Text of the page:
November Week 3
Article: Throat Infections. Peds in Review. November 2011 http://pedsinreview.aappublications.org/content/32/11/459.full.pdf
An 8 y.o. boy comes to clinic with complaints of sore throat for the past 2 days. He has had fever at home to 101, but he denies URI symptoms or cough. On exam, he has 2+ tonsillar hypertrophy, pharyngeal erythema, and whitish exudates. A few tender cervical lymph nodes can be palpated. The rest of the exam is unremarkable.
1. What is the most likely diagnosis?
2. Describe the Centor criteria.
3. How would you confirm your diagnosis? What is the gold standard test?
4. When discussing treatment, the patient’s mother says she has read that this disease is self-limited and wishes that her son not be placed on antibiotics. What would you tell her?
5. After educating the mother about the benefits of antibiotics, she agrees to start them. You then learn that he has a history of systemic rash with the use of Penicillin. What can you give instead? When is he no longer contagious?
6. That afternoon, the patient’s mother phones the clinic. She is very concerned because her son has now developed a rash which started on his chest but has spread to his entire body. He has not yet had his first dose of antibiotic that you prescribed. What is the most likely cause of this rash? What should they expect?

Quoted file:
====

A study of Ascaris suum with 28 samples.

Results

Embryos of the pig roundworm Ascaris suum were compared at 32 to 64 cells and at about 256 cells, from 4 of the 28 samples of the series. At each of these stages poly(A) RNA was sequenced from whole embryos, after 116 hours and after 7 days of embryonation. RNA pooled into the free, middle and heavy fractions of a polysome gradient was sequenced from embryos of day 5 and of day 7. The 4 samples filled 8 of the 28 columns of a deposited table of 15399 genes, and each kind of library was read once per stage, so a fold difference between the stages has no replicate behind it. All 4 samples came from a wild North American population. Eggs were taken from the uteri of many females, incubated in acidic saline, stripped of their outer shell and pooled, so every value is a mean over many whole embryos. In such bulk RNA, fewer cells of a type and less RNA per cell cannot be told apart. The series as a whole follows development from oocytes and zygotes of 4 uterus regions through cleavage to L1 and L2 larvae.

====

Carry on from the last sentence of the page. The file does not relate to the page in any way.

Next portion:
A 16 y.o. boy presents with fever, sore throat, dysphagia, and new right-sided ear pain. He has tried to look at his throat in the mirror, but reports that he is having difficulty opening his mouth wide enough to see. Upon review of his past medical history, he reports that he has had at least 4 episodes of strep throat, all treated with a course of p.o. antibiotics. You suspect peritonsillar abscess.
1. What are the distinguishing features you would expect to see on physical exam if your suspicion is correct?
2. How might a retropharyngeal abscess present differently?
3. What is the most common aerobic cause and anaerobic cause of peritonsillar abscess?
4. What can be done to help confirm your diagnosis? What is the gold standard?
5. Effective treatment for a peritonsillar abscess includes the combination of which two things? Given this patient’s history of recurrent tonsillitis, what else might he benefit from? When should it be done?